Selling SOA to the CEO

You could say that behind every successful service-oriented architecture is a CEO. With its promise of using existing technology to more closely align information technology with business goals,

    Requires Free Membership to View

SOAs have proven to help companies realize greater efficiencies, cost savings and productivity.

Still, as many IT managers have learned, without executive endorsement, an SOA will be relegated to the confines of IT as opposed to being recognized as an organization-wide business strategy. While no two organizations are exactly alike, there are consistent themes that arise -- and pitfalls to avoid -- when aiming for approval to build an SOA.

For those many IT leaders who are facing the seemingly daunting challenge of presenting the importance and value of an SOA strategy to the executive suite, following are ten tips for selling SOA to the CEO.

1. Don't call it SOA: explain the value and benefits in business terms that reflect the organization's goals -- such as cost reduction, productivity, competitive advantage, etc. -- before diving into a technical conversation.

2. Vision, not version: outline the immediate and long-term results from this strategy while avoiding discussions about specific version numbers.

3. Build consensus throughout the company: prove the value of SOA through small test projects conducted with volunteer departments in the organization. Make sure to include those department leaders when you later roll out the SOA.

4. Start small yet live large: when selecting those small test projects, choose to integrate and automate those business processes that can have the most widespread, positive impact across the organization.

5. Ixnay on the TLA: while it's easy to get caught up in the technical jargon that is fully understood among peers, remember that three letter acronyms (TLA) can sound as eloquent as pig Latin when trying to convince your CEO of a major new strategic undertaking.

6. Get to the powerful points: without relying on complex slides that can deter from the true purpose of the meeting.

7. Conviction and prediction: articulate goals for each step along the SOA path. By publicly stating and achieving realistic goals for the organization based on an SOA -- increasing productivity or decreasing costs by XX percent -- you can bolster confidence in the project and overall strategy.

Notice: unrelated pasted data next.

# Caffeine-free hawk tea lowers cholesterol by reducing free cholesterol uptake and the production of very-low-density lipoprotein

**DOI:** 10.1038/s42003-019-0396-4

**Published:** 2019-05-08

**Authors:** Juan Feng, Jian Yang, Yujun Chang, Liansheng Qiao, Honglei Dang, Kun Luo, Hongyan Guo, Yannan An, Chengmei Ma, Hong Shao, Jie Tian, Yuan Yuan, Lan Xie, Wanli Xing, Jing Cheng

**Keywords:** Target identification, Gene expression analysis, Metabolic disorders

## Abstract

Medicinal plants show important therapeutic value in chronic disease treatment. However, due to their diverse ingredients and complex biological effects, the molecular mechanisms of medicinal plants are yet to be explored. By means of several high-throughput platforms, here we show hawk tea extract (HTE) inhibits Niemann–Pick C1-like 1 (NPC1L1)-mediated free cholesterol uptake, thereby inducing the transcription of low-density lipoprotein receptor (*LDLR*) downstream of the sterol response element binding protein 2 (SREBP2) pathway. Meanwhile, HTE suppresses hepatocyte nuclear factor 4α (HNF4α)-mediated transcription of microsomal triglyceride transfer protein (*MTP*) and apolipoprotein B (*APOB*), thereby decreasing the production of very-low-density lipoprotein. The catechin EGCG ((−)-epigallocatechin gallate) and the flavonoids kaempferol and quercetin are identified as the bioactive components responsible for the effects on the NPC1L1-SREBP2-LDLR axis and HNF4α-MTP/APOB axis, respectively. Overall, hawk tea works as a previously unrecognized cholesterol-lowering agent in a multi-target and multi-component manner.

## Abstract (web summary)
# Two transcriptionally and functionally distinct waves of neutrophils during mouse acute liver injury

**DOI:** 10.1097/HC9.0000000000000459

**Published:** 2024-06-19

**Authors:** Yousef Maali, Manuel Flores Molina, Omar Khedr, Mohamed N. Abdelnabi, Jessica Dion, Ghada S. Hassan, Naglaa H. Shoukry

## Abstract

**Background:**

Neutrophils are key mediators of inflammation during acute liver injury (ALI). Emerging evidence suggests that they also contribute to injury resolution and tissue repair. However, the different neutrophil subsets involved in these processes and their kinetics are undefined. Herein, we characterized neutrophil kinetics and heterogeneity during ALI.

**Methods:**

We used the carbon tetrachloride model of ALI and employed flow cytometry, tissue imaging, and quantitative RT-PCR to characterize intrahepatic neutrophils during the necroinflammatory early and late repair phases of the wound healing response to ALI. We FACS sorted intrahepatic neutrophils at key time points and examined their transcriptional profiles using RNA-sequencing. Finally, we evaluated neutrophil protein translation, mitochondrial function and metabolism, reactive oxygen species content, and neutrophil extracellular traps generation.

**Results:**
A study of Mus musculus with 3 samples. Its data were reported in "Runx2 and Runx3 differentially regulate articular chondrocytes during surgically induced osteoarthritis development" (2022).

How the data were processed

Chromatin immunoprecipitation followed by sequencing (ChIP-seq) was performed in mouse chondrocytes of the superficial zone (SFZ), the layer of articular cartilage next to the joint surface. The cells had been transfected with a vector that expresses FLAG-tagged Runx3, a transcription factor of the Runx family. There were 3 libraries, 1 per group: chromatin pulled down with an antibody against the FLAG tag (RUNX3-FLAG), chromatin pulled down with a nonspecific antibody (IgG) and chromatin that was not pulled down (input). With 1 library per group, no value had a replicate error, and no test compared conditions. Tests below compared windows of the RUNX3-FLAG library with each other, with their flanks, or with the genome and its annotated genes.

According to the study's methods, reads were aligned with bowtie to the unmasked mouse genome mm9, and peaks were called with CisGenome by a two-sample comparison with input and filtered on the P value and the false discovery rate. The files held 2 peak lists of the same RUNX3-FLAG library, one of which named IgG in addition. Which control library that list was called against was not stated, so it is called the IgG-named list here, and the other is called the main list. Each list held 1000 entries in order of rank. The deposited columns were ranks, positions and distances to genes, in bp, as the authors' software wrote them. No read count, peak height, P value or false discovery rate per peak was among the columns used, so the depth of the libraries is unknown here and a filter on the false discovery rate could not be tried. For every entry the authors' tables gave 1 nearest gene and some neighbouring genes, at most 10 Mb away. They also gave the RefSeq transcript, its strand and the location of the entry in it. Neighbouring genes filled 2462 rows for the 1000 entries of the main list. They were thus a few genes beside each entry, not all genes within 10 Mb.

8. Reference third party validation: cite analyst data on the growth and adoption of service oriented architectures and point to relevant SOA success stories within your industry (and by your competitors).

9. The close: SOA what? Outline specific before-and-after scenarios of the impact of SOA on your particular organization to help disarm any naysayer and gain CEO approval.

10. Qualify and quantify: set goals, track performance and refine methodologies at every step along the way. Be sure to share the results with interested parties on a regular basis to demonstrate the success of your company's SOA journey.

The opportunity to evangelize SOA to company executives is rare. To make the most of your extended elevator pitch, remember to articulate business benefits, reiterate bottom line results and illustrate the company-wide value of an SOA.

About the author

Sandy Carter is the vice president for SOA and WebSphere strategy, channels and marketing at IBM

This was first published in January 2007

There are Comments. Add yours.

TIP: Want to include a code block in your comment? Use <pre> or <code> tags around the desired text. Ex: <code>insert code</code>

REGISTER or login:

Forgot Password?
By submitting you agree to receive email from TechTarget and its partners. If you reside outside of the United States, you consent to having your personal data transferred to and processed in the United States. Privacy
Sort by: OldestNewest

Forgot Password?

No problem! Submit your e-mail address below. We'll send you an email containing your password.

Your password has been sent to:

Disclaimer: Our Tips Exchange is a forum for you to share technical advice and expertise with your peers and to learn from other enterprise IT professionals. TechTarget provides the infrastructure to facilitate this sharing of information. However, we cannot guarantee the accuracy or validity of the material submitted. You agree that your use of the Ask The Expert services and your reliance on any questions, answers, information or other materials received through this Web site is at your own risk.